Camila Chavez '98

  • Statement: Building a network of community leaders for social change
  • Profession: Co-founder and executive director, Dolores Huerta Foundation
  • Major: Child development
  • Graduation: Class of 1998

How can you create effective social change in your community? Camila Chavez is the woman to ask. Her organization, the Dolores Huerta Foundation, operates in agricultural communities in California’s Central Valley, developing grassroots leaders to pursue social justice through systemic and structural transformation. These leaders conduct campaigns, engage with elected officials, and build coalitions.

“We have established a base of over 20,000 voters committed to progressive initiatives such as fair taxes, job creation, and funding public services,” Camila says. “I am proud of creating an organization dedicated to empowering working people to advocate for community improvements.”

Camila was raised within the farmworkers’ movement. Her mother, Dolores Huerta, and uncle, Cesar Chavez, co-founded the United Farm Workers, America’s best-known union for agricultural workers. As a teenager, Camila participated in a 343-mile march from Delano to Sacramento to bring attention to farmworkers’ rights.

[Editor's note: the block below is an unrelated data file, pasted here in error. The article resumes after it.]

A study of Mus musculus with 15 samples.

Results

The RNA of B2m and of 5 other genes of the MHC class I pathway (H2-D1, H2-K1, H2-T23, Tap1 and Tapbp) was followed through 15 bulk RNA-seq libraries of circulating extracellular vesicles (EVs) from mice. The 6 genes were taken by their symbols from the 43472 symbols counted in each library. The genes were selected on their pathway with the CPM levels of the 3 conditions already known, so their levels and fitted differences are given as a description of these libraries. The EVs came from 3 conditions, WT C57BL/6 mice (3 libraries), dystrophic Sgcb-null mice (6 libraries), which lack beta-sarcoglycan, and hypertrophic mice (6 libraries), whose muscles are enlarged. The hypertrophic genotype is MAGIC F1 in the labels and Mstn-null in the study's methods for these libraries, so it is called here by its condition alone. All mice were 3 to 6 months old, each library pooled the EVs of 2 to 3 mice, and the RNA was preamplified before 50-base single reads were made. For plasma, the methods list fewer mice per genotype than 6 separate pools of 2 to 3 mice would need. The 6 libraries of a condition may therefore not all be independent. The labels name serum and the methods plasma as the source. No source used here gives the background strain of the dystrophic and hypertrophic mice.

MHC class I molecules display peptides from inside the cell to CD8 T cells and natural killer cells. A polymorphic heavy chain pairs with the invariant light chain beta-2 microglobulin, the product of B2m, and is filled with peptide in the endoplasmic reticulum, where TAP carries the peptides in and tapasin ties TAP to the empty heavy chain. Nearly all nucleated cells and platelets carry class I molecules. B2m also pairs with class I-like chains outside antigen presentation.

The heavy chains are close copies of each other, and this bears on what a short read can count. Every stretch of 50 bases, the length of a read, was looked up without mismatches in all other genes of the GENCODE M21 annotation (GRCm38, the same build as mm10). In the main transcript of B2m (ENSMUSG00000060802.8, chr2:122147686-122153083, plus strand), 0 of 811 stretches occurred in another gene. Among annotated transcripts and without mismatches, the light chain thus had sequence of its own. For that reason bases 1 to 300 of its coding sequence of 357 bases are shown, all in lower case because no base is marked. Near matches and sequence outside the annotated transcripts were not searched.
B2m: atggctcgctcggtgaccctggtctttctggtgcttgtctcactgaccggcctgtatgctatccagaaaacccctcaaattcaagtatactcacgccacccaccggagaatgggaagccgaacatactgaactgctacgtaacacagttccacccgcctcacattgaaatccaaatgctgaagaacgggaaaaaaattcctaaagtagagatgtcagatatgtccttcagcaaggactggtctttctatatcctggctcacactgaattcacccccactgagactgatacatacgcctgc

While a student at Mills, she worked on the statewide campaign to protect affirmative action. “I also joined with other women of color and white allies at Mills to address issues of racial inequity on our campus,” she says. “We educated other students, met with Mills administrators, and created public awareness. These experiences helped me build the confidence to speak up. I am pleased to see that Mills has a much more diverse and inclusive campus now.”

With a goal of becoming a pediatrician, Camila studied child development with an emphasis on child life in hospitals. “I had amazing internships at Children’s Hospital in Oakland and UCSF Medical Center. After graduation I worked in the public health field for five years before establishing the Dolores Huerta Foundation with my mother.”

“My major continues to be useful as I raise my own children and advocate for education reform,” she says. “My Mills experience also serves me in a broader way: it helped me develop a global view in addressing local issues.”